Hasina calls for strengthening ties with Pakistan


Pakistan and Bangladesh are likely to revive their bilateral mechanisms to take their ties forward, a diplomatic source said on Thursday after Pakistan’s High Commissioner to Bangladesh Imran Ahmed Siddiqui called on Prime Minister Sheikh Hasina Wajed in Dhaka.

It was a rare meeting between Pakistan’s envoy and the Bangladeshi prime minister because of the once frosty ties between the two countries, which have witnessed major improvements this year.

“The two sides agreed to further strengthen the existing fraternal relations between the two countries,” the High Commission said in a statement.

Pakistan and Bangladesh have multiple bilateral mechanisms, but most have been suspended for years. It is being expected that a dialogue between the countries’ foreign secretaries, which has not happened for about 12 years, may resume in the near future.

Pakistan’s envoy meets Bangladeshi premier in Dhaka

The source, who had been briefed about the meeting, said Prime Minister Wajed stressed the need for strengthening bilateral ties. She, moreover, wished the people of Pakistan well and assured the high commissioner of her “full support” in discharge of his official duties.

Prime Minister Imran Khan had in July spoken to his Bangladesh counterpart over the phone and expressed his government’s desire to “deepen fraternal relations on the basis of mutual trust, mutual respect and sovereign equality”.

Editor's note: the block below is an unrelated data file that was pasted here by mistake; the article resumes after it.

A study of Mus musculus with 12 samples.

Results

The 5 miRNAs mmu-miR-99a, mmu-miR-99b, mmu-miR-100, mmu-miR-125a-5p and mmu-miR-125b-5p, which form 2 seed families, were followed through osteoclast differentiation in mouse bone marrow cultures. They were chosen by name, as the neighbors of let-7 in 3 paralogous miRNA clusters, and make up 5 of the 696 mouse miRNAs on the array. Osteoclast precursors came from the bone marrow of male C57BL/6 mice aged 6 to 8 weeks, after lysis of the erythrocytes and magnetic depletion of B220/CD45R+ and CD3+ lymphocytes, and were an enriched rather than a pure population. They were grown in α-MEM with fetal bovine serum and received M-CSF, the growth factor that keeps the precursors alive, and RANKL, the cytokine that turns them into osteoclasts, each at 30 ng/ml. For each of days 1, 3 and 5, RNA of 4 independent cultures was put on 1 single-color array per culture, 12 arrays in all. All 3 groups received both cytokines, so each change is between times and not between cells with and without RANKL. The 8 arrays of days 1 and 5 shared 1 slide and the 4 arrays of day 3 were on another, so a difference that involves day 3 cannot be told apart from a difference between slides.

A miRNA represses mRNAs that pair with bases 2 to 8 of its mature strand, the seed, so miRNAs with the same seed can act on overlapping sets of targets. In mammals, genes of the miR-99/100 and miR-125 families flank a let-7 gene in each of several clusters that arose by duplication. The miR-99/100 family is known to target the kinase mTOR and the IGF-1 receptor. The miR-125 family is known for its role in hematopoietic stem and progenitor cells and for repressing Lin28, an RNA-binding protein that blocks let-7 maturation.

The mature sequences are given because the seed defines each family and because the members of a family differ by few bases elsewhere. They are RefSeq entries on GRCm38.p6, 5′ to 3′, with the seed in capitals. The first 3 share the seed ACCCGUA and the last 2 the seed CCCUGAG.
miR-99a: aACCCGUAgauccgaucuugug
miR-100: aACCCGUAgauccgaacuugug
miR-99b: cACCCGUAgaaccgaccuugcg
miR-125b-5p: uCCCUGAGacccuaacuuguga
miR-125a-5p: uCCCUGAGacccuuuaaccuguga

According to the statement, High Commissioner Siddiqui during the meeting conveyed the message of goodwill and friendship from Mr Khan to Ms Wajed, which she reciprocated with her greetings and good wishes for the leadership of Pakistan.

“The High Commissioner informed Prime Minister H.E. Sheikh Hasina that the government and the people of Pakistan held the Bangladeshi leadership and people in high esteem and affection. The prime minister expressed good wishes for the people of Pakistan,” it added.

Pakistan has this year consistently pushed for improving ties with Bangladesh. Observers were caught by surprise when Mr Siddiqui in July met Foreign Minister A.K. Abdul Momen despite hostile political rhetoric and unfriendly bureaucracy.

Pak-Bangladesh relationship, it should be recalled, took a nosedive after Ms Wajed started her second tenure as prime minister in 2009 as she resumed the so-called 1971 ‘war crimes’ trial.

Pakistan has always considered the bitter 1971 dismemberment of the country as a closed chapter in view of the tripartite agreement signed in April 1974 for the repatriation of war prisoners.

Ms Wajed’s father and Bangladesh’s founding father Mujibur Rehman had after the accord agreed that in the interest of regional peace, no one would be put on trial for alleged crimes committed during the 1971 war. But Ms Wajed was bent on reviving the ghosts of 1971.

She was further emboldened with Indian Prime Minister Narendra Modi coming to power in India and Pak-Bangladesh ties went from one low to another, according to analysts.

The developments in Pak-Bangladesh ties come in the backdrop of Delhi-Dhaka ties turning lukewarm following the enactment of controversial Citizenship Amendment Act last year. Moreover, growing Chinese influence in Dhaka has also brought Pakistan and Bangladesh closer.